EXCITING NEWS: Last week we launched a new service called "Done-in-a-Day". The jury's still out on the name deliverables and timing may vary per client, so we may just call it Done in a Day* with a big fat asterisk. Feedback welcome on that front, but basically this service is for those who need a quick fix -- we come into your space with our installer and either tell you where to hang what (perfect for those who just moved) and/or give you a blueprint for improving your current wall situation (that you may want to execute with us or on your own). See the Service page for a full run down.
Framing is a big part of the DIAD* service, as I find that poor framing is one major reason why people's current art looks unideal. We're regularly identifying client pieces for re-framing, taking them to the frame shop, and selecting new ones. Inspired by such issue, and to celebrate the new service, here are a few free and fab framing tips.
1. Framing matters.
Framing isn't a great place to save money; cheap frames make any art look worse. Good frames, however, makes art look better, and this goes for store-bought and custom. Ikea frames, for example are around $15 and are much poorer quality than, say, Room and Board's that retail around $75.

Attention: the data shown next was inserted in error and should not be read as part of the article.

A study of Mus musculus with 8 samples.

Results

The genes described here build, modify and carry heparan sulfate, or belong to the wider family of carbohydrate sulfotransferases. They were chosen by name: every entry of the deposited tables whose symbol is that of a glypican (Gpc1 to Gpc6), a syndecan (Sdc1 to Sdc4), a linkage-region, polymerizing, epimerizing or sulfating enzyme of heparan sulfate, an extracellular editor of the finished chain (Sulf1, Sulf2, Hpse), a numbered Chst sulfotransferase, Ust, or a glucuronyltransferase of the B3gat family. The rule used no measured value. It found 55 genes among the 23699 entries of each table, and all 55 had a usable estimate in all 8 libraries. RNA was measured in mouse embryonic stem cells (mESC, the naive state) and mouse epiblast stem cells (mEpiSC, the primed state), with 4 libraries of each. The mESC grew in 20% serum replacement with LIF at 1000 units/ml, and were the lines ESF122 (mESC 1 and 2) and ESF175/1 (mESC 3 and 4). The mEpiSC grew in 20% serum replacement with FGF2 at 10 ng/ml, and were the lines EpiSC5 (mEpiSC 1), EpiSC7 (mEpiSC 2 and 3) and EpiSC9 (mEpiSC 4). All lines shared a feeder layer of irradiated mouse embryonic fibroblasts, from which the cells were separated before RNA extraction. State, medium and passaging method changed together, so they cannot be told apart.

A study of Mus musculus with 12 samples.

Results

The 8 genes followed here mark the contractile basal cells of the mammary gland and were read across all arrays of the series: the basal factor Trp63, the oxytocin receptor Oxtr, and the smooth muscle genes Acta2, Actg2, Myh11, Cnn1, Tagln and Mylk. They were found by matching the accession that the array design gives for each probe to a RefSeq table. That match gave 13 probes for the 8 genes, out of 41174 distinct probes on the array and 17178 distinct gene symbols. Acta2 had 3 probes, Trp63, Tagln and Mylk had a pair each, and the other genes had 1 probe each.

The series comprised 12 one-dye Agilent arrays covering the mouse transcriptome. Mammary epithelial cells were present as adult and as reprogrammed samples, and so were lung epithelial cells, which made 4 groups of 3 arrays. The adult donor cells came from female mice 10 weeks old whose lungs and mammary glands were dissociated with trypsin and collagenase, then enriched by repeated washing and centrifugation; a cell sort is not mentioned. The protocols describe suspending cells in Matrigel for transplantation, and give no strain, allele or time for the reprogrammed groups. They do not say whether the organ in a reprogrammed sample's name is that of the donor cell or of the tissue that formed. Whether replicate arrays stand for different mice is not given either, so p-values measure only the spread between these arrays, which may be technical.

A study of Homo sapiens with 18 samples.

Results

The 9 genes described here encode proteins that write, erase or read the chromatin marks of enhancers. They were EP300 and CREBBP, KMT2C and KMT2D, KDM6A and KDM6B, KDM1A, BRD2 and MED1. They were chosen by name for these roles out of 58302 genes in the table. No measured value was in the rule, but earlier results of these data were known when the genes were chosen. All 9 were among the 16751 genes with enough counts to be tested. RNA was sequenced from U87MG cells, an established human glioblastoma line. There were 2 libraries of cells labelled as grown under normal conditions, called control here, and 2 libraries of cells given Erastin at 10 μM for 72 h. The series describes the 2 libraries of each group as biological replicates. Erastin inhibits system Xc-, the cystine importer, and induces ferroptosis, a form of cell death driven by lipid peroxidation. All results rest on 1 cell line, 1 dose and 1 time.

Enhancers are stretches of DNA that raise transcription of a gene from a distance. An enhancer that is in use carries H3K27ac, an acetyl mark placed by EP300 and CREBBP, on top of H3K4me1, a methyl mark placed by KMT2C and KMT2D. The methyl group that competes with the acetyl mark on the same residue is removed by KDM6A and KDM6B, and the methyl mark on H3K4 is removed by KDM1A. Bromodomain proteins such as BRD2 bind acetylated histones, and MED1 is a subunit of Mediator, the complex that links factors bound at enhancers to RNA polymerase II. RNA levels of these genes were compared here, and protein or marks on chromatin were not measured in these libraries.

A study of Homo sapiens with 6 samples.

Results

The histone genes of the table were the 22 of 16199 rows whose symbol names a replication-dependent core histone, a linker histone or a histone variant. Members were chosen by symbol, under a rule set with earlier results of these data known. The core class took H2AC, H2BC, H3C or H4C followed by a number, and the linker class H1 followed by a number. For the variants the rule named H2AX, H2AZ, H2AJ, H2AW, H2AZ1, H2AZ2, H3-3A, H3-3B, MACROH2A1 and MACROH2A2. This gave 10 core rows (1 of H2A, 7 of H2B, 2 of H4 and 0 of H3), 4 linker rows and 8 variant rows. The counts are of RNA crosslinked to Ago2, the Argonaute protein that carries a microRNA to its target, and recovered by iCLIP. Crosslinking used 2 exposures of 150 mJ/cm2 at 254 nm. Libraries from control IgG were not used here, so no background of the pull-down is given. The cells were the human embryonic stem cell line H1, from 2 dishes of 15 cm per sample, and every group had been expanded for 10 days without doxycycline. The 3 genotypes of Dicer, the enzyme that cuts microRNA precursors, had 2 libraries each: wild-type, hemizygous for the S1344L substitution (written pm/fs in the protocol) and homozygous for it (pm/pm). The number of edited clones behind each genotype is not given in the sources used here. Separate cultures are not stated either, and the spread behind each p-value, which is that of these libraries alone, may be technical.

2. Consider Cracks, Corners and the Glass.
Looking at the cracks, corners, and glass of frames is a good way to determine quality. Cracking just looks bad, and let me know if this requires any further explanation. Corners may be a little less obvious -- on a frame, they should come together perfectly and tightly. Any gap or uneven bonding makes them look cheap. Also, the type of glass or plexi used is super telling; cheap glass/plexi is reflective and often unclear. Those Ikea frames I mentioned earlier that clearly are no where in my home look like they have a cloudy filter on them; seeing the art or photo behind the glass is a challenge. If you're getting custom frames, museum glass or the UV non-glare plexi is the way to go.
3. Frame Appropriately
There are ton of ways to frame art. These include with or without glass, matting, float, bevel, etc. and of course there are numerous materials, colors and styles from which to choose. Working with a framer (or us!) gives you the benefit of understanding options that are appropriate for a particular artwork. In general (with some exceptions) works on paper are framed behind glass, either with a mat or hinged to a backing. The same is true for photography, and note that mats used should be acid-free so they don't turn a gross yellow over time (and ruin your art/photos). Paintings on canvas should typically be framed when the edges are "raw", meaning staples connecting the canvas to the support are visible, or the edges are just not cool or pretty at all. Works on canvas are typically not framed behind glass.
With that lesson, you may now be looking at your frames thinking "WOW, mine qualify as crap!" I'm sorry. I didn't mean to insult you or the frames you bought in 1990. Note that acknowledging the issue is the first step to recovery, and maybe you found a great exception from Ikea that I did not... either way, if you're seeking to improve your wall situation, considering the framing (or calling me to possibly deal-with-it-in-a-day) is a good first step.